A mother rabbit, buzzing with zest,
spied on four speckled eggs in a nest.
With the hawk away, she took her chance
and climbed branch to branch
up to the very top of the tree
and grabbed all the eggs she could see.
The other rabbits thought it absurd
to avenge kits gobbled by a bird.
While she wove an egg basket,
they said, “You’ll wind up in a casket!”
Now her handy basket was brimmed,
back down the tree she skimmed.
The thief couldn’t believe her luck!
She sat still, unblinking, in the muck.
She’d made it back without a scuff,
and suddenly four eggs wasn’t enough.
There had to be more she could take
and put an end to her heartache.
Emptying her basket in her burrow,
the rabbit journeyed to and fro.
Up twisted trees she bound
along branches far from the ground.
But her luck ran out at the last nest.
A hawk swooped in and clawed her chest.
“Not me, hawk!” declared she,
and bit the bird to get free.
She plunged, hitting this branch and that,
and a good dozen eggs went splat.
She was saved by moss so soft,
but her lungs rattled with a terrible cough.
She gathered up the surviving eggs,
and crawled home on shaking legs.
Her warren was crammed!
Gleaming eggs were rammed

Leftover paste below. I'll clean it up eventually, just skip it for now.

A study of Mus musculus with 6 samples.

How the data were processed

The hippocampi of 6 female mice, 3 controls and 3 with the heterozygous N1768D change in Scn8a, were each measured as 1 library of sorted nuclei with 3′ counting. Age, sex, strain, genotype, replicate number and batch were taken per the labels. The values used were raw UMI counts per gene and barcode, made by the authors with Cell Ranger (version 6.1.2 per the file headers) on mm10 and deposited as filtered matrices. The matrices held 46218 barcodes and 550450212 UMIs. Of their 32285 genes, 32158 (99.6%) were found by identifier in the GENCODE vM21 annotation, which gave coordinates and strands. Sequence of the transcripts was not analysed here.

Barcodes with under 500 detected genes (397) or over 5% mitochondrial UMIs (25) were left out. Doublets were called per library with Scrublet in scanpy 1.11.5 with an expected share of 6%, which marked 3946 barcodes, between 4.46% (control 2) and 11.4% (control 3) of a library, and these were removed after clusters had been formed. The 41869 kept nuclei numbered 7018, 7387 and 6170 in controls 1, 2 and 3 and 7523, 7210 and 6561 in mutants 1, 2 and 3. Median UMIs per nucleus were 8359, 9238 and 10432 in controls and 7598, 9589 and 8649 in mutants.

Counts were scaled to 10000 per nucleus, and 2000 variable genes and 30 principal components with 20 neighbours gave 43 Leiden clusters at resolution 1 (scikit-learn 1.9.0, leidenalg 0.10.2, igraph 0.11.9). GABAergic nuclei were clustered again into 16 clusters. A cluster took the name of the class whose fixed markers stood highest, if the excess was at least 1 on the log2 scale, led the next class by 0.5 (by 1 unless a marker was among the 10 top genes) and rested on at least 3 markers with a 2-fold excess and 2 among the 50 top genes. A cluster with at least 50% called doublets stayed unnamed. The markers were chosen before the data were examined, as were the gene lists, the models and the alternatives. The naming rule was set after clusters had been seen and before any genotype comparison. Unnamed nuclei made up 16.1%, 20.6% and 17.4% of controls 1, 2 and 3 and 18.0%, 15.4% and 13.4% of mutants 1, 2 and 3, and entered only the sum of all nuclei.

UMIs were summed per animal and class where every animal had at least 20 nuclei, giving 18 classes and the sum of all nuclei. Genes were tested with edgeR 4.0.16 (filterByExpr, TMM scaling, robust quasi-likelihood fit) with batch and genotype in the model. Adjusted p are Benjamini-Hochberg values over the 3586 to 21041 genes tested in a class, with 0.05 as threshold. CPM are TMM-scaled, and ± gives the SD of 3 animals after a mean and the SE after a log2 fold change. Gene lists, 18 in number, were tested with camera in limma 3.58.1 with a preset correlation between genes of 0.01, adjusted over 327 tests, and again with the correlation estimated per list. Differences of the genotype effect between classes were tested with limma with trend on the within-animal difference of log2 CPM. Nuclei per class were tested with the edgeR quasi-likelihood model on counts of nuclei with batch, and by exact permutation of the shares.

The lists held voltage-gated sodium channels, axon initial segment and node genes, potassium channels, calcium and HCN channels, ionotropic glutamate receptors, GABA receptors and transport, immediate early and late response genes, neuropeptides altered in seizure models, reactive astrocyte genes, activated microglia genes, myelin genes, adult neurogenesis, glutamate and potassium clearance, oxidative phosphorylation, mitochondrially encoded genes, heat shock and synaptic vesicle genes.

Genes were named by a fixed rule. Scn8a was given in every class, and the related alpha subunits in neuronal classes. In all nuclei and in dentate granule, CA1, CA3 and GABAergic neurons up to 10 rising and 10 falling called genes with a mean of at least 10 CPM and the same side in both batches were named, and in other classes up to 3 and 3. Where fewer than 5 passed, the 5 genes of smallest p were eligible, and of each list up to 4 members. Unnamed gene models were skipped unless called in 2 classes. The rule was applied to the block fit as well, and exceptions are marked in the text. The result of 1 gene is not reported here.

in every crevice, tunnel, and hole.
What worthless trinkets she’d stole!
The neighbour’s kits found her
with eyes rolled white and tattered fur.
The oldest ran to tell their friends
their neighbour had gone round the bend,
but the littlest began to fear
the eggs would bring the hawk near.
The thief cried, “Don’t give them back!”
clinging to an egg so bloody it was black.
Suddenly, the little one had a plan
and into the woods she ran,
to collect materials that would disguise
the thief’s precious prize.
The thief looked on with a frown
as the kit muddied some eggs brown
while others she stained grass green
or used pollen to dust a yellow sheen,
until every egg was covered
to keep them from being discovered.
Newly disguised in browns, yellows, and reds,
they hid perfectly in flowerbeds.
So the kit used gardens to hide the plunder
and left all the humans to wonder,
“Why on earth would a rabbit leave eggs?”